THAILAND - To impeach or not to impeach: that is the question. "This seems to be what members of the National Legislative Assembly (NLA) and the people all around Thailand are pondering ahead of the judgment day tomorrow.
The Wall Street Journal's James Hookway said this week that people were questioning the "wisdom" of impeaching former prime minister Yingluck, when she had been stripped of her post even before the coup in May.
Political analyst Pavin Chachavalpongpun, who never seems to grow out of the conspiracy mentality that ascribes all of Thailand's political woes to one origin - His Majesty, opined that Prime Minister Prayut initially wanted to "protect" Yingluck from the impeachment proceedings, but had to give in to "hardcore royalists" who want to prevent the Shinawatra clan from having "any kind of "political voice" during these "sensitive years".
He made no secret that he was talking about the succession.
Neither writer bothered to mention that the most blatant fraud in Thailand's history took place on Yingluck's watch, costing taxpayers between Bt500 billion (S$20 billion) and Bt800 billion and leaving poor farmers even poorer due to the depressed world price of rice.
That depressed market is the result of the whole world knowing that Thailand is sitting on a gargantuan stockpile of rice. And the rice subsidy that some supporters of Yingluck called "an investment for the future" is in fact no investment in any accepted sense of the word.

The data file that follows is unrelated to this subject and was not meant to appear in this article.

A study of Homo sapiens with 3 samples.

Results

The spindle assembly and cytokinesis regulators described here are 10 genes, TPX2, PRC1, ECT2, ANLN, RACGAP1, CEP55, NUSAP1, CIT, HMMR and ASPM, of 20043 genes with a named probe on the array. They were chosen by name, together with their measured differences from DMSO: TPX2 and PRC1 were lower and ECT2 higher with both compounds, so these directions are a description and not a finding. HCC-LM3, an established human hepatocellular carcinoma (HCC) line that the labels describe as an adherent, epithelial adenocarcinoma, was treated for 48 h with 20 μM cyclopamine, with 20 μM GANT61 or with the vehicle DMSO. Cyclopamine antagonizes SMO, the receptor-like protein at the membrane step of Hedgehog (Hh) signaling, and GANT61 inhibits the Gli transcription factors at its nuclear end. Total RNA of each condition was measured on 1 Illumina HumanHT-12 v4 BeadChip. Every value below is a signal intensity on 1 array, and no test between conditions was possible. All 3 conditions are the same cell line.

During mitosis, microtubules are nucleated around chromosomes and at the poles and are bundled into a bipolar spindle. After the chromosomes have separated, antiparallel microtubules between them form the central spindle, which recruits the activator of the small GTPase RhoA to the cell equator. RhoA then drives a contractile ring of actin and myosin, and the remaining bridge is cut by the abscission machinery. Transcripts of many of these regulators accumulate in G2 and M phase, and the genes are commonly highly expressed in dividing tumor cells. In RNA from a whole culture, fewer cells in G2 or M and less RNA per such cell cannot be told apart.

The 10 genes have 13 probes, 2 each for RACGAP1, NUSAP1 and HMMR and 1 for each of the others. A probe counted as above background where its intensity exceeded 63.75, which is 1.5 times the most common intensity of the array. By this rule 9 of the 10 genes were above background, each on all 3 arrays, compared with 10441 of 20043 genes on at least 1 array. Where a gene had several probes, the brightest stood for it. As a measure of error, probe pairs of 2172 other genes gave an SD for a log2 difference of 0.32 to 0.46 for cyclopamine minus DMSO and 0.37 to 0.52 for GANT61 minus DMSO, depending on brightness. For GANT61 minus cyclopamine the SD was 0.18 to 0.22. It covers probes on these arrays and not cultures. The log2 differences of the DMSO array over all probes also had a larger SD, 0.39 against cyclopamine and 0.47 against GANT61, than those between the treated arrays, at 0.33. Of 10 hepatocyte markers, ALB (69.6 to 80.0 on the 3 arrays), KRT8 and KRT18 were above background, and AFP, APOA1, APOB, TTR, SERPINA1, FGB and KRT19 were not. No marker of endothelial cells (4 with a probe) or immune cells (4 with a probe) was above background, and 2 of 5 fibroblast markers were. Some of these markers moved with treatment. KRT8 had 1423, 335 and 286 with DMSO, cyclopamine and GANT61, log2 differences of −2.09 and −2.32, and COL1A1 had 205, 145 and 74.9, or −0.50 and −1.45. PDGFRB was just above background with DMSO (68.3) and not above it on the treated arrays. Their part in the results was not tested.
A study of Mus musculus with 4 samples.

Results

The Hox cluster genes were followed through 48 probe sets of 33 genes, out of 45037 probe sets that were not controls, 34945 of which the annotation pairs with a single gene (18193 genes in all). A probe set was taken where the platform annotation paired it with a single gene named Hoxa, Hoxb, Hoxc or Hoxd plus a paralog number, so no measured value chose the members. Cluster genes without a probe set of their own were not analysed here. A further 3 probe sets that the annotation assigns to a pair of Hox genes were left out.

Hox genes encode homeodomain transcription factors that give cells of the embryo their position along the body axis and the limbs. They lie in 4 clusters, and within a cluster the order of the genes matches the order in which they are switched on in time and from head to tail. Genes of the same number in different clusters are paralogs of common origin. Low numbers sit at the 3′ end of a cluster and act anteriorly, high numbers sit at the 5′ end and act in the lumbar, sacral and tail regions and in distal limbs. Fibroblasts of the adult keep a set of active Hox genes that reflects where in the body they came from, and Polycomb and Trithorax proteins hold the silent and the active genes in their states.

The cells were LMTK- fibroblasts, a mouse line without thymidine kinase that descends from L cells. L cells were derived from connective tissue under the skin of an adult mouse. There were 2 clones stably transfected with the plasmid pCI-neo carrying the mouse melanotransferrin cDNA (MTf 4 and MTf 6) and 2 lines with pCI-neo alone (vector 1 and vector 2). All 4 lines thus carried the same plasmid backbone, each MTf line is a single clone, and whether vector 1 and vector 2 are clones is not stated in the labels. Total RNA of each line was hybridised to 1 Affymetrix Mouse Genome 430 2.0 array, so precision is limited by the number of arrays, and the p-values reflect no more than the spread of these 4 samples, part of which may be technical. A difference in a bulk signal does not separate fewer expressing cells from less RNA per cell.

Pure and simple, it was a populist policy that offered no real and sustainable merit except for the temporary illusion among some farmers of a brighter future. And that false sense of wellbeing pushed many farmers deeper into debt.
Debate after debate in Parliament clearly outlined the trails of the large-scale fraud involved in the rice scheme, including the fake G-to-G rice purchase from China that was in fact from a private company owned by a Thai political crony.
The company in turn sold the rice back to buyers in Thailand. Even Yingluck's close advisers warned the scheme could be economically disastrous for the country. But none of the evidence and warnings prompted her to review, curb or scrap the scheme.
Neither writer bothered to mention that the Yingluck government's moral authority and political credibility had crumbled, and that millions had taken to the streets to protest.
To comprehend the importance of moral authority, one need look no further than a few days ago, when over six million people congregated in the streets of the Philippines to catch a glimpse of Pope Francis.
Did the pope conspire with Vatican left-wingers to get people onto the streets to make him look good, or to send a strong message to people back in Rome not to challenge his authority?
As for political credibility, it was evaporating faster than water in the desert. Why? Because there was simply no accountability. Politicians made campaign promises, never meant to keep their commitments, and never accepted culpability, voluntarily or under pressure. When it came to the political big bosses or insiders, the laws stopped at their door.
They held themselves beyond legal reach. A ministry permanent secretary who kept millions in illicit cash at his home before supposedly handing it on to the "intended final destination" did not suffer the appropriate consequences.